Caroline Baldwin was born on December 17, 1841 in the house her father built at the corner of East Main Street and Aurora Street in 1834. She was the youngest of the two daughters of Frederick and Salome Bronson Baldwin (an older sister, Maria Louisa, had died in infancy). Within a few years of Caroline’s birth, the family sold the house and moved to a large farm on Main Street, south of town.
After attending a girl’s school in Painesville, Caroline settled in with her parents at their farm. Mr. and Mrs. Baldwin both died in 1881, leaving Caroline alone. Three years later, at age 43, she married an old family friend, Perry H. Babcock, who had been widowed a few years before.
Perry was a businessman in Cleveland, heading up the firm of Babcock, Hurd, & Co., which had been started by his father-in-law, Hopson Hurd Jr. of Aurora.
Caroline moved into Perry’s mansion on Euclid Avenue, and spent the next thirteen years in Cleveland, still keeping ownership of the family farm. While in Cleveland, she was active in the local chapter of the Daughters of the American Revolution and the Western Reserve Historical Society.
When her husband died in Cleveland in 1897, Caroline sold the mansion and moved back to the farm in Hudson. She was displeased with the direction in which the community was moving. After Western Reserve College had moved to Cleveland in 1882, nothing seemed to go right for Hudson. In 1890, and in 1892, there were major fires: the former destroying the industrial district and the latter the business block. There were bank failures throughout the first decade of the 20th Century, and, for Caroline, the most devastating blow came when, in 1903, Western Reserve Academy went out of business.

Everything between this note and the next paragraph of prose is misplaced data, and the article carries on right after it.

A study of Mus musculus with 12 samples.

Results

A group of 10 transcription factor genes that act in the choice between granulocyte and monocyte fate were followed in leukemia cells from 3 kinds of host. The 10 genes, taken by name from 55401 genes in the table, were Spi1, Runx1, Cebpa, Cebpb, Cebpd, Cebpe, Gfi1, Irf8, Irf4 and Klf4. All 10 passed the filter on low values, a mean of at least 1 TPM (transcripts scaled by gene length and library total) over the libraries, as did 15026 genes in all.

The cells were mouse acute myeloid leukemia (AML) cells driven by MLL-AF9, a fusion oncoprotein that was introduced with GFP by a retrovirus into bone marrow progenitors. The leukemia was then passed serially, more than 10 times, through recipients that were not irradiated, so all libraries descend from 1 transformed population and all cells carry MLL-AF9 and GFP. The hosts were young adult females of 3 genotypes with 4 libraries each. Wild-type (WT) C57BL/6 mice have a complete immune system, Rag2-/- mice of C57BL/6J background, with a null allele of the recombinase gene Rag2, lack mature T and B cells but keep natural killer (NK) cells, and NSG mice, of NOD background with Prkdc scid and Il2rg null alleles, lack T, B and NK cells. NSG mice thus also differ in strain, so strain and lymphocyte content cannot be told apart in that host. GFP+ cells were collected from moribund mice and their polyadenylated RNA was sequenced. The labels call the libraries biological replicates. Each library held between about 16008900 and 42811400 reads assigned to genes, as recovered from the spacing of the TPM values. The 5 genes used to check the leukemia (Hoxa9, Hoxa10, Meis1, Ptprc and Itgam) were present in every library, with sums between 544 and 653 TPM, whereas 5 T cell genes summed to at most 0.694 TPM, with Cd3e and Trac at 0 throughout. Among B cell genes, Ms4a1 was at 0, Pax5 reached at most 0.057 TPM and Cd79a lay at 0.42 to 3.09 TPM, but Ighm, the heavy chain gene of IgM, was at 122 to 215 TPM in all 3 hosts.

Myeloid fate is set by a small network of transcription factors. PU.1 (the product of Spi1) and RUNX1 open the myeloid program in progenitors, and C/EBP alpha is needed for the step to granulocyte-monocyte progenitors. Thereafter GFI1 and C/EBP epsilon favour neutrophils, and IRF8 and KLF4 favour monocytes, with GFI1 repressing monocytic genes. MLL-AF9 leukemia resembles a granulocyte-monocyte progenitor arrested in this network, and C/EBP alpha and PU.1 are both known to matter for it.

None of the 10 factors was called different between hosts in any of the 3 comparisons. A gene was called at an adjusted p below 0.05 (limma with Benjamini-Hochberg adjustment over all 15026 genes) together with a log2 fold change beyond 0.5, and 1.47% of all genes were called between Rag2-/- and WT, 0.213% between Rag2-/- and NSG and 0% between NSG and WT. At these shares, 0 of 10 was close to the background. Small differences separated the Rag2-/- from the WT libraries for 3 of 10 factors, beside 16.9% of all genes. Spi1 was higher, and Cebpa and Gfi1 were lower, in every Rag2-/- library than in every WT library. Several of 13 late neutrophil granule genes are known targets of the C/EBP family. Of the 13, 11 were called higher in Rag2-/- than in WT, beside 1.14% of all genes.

Citizens of Hudson had depended on the library at Western Reserve Academy as their source for books, and other information. With the Academy closed, Hudson was without a means of self-education. When noted Hudson author and scholar M.C. Read died in 1902, Mrs. Babcock also realized that Hudson’s historical legacy was passing away with the older generation, and that valuable documents and artifacts, such as those in Read’s private collection, might be lost to Hudson.
She contacted her childhood friend, James W. Ellsworth, who was also developing plans to revitalize Hudson, and together, began work to create a library and historical society to serve Hudson. The Articles of Incorporation of the Hudson Library and Historical Society were signed on October 29, 1910, with Mrs. Babcock as the first President.
James Ellsworth offered the library space in his newly-created “Club House” which is now Hayden Hall at Western Reserve Academy (at the corner of College and Aurora Streets). With Grace Seidel serving as the first Librarian (a volunteer position), the Hudson Library began business as a private subscription library.
In 1919, the Hudson Library and Historical Society merged with the library at the recently reopened Western Reserve Academy, an arrangement that remained in place until 1924. Mrs. Babcock died on February 28, 1921. In her will, she left an endowment of over $100,000 to the Hudson Library and Historical Society, the main purpose of which was to maintain a free series of lectures called the “Baldwin-Babcock Lecture Series,” which continues to this day.
Papers of Caroline Baldwin Babcock, civic leader of Hudson, Ohio, and founder of Hudson Library & Historical Society
Records documenting the history, growth, planning, administration, finances and programming of the library from its founding in 1910 to today.
Hudson Library & Historical Society timeline (coming soon!)